Electronic Thesis and Dissertation Repository


Doctor of Philosophy




Salvador Navarro

2nd Supervisor

Nirav Mehta

Joint Supervisor


My dissertation aims to contribute the migration and education literatures, my thesis contains two main topics and three papers. In the first two papers, I study the job search process of rural migrants in urban labor markets when social networks present. Then, I analyse how social networks affect both migration decisions and individuals' labor market outcomes. In the last paper, I examine the determinants of an individual's college education decision, with particular attention to the uncertainty faced by individuals.

The first paper examines the job search process of rural migrants, who have the option of returning home. This paper focuses on analysing the effect of social networks on their labor market outcomes. I build a dynamic structural model of job search for migrants. I estimate the model using ``Rural Urban Migration in China" dataset. The estimation results show that rural migrants with social networks receive more job offers and that migrants with social networks also have higher wages on average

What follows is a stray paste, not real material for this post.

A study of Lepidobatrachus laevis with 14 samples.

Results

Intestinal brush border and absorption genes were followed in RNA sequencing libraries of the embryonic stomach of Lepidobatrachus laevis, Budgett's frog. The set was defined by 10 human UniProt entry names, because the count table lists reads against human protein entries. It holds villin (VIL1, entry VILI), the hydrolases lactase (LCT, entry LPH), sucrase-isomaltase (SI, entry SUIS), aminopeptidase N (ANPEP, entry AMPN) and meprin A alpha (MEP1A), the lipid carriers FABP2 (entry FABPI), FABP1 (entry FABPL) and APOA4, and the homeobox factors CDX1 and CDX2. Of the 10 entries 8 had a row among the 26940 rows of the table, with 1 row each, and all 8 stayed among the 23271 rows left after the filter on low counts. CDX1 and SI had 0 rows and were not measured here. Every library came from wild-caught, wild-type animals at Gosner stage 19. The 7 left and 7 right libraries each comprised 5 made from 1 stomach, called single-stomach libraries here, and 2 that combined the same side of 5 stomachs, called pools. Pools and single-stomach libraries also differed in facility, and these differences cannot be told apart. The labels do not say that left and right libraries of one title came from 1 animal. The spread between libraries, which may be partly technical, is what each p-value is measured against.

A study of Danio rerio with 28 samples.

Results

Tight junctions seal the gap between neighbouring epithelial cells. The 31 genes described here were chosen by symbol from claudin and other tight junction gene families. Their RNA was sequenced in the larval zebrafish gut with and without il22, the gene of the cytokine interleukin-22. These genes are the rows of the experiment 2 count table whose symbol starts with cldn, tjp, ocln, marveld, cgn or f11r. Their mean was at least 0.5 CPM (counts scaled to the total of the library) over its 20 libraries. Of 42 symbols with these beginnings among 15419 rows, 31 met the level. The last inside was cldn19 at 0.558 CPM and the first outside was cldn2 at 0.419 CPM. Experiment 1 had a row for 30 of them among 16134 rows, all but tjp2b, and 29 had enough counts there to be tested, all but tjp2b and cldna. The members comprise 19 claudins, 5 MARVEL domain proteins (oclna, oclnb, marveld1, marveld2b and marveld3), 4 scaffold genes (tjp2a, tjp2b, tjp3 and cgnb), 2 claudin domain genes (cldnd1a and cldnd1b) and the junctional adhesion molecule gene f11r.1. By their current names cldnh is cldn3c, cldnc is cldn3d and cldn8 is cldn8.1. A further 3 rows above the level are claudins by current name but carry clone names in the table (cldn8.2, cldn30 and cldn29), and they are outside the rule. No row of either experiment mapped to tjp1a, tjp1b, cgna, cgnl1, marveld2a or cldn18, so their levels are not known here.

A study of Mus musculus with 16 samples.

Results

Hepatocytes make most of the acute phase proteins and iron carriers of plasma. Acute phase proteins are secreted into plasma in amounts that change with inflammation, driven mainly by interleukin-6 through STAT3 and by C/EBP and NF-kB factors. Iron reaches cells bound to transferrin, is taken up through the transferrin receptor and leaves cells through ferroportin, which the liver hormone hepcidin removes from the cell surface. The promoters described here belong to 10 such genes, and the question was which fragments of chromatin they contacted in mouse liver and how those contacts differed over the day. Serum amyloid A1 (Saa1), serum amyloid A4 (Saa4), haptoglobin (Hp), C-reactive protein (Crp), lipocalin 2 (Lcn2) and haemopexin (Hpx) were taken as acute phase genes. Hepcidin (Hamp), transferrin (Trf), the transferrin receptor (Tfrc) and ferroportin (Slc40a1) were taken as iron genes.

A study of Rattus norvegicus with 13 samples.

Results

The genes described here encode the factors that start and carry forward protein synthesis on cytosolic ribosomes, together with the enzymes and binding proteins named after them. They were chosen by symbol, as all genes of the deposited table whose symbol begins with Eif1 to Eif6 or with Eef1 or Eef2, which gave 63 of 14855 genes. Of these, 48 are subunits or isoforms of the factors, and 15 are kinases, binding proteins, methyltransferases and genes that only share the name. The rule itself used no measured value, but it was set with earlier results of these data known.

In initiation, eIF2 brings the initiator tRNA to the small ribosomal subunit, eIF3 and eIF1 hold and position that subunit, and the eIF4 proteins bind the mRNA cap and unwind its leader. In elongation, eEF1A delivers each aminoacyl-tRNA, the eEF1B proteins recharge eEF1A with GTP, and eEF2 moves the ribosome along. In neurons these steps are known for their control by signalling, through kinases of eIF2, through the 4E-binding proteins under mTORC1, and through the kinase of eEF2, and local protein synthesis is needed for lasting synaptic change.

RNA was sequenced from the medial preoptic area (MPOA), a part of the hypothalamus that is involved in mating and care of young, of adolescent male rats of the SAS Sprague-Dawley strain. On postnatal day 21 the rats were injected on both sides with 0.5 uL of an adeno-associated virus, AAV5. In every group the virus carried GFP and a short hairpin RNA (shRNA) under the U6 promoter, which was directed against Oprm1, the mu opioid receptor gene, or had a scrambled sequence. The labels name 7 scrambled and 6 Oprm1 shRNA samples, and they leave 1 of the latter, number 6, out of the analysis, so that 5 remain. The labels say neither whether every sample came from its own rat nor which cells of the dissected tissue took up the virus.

The second paper analyses the effect of social networks on both migration decisions and individuals' labor market outcomes. I develop and estimate a dynamic model of return and repeated migration, social network investment decisions, and labor market transitions. The model distinguishes two channels through which social networks may affect migration decisions: (1) a direct effect on migration costs, and (2) an indirect effect on labor market outcomes through the job arrival rate. I estimate the model using panel data from the Chinese Household Income Project (2007-2009). The estimation results show that social networks increase arrival rates, and decrease migration costs. I also show that policies that directly lower migration costs may be more cost effective at increasing rural-urban migration in China than those focused on unemployment benefits.

In the third paper, we use economic theory and estimates of a semiparametrically identified structural model to analyze the role played by uncertainty and its interaction with credit constraints and preferences in explaining education choices. We develop a methodology that distinguishes information unknown to the econometrician but forecastable by the agent and information unknown to both at each stage of the life cycle. Using microdata on earnings, we estimate a model of college choice, labor supply and consumption, under uncertainty with repayment constraints. We find that 52% and 56% of the variances of college and high school log-wages respectively are predictable by the agent at the time schooling choices are made. When people are allowed to smooth consumption, college increases to nearly 58%.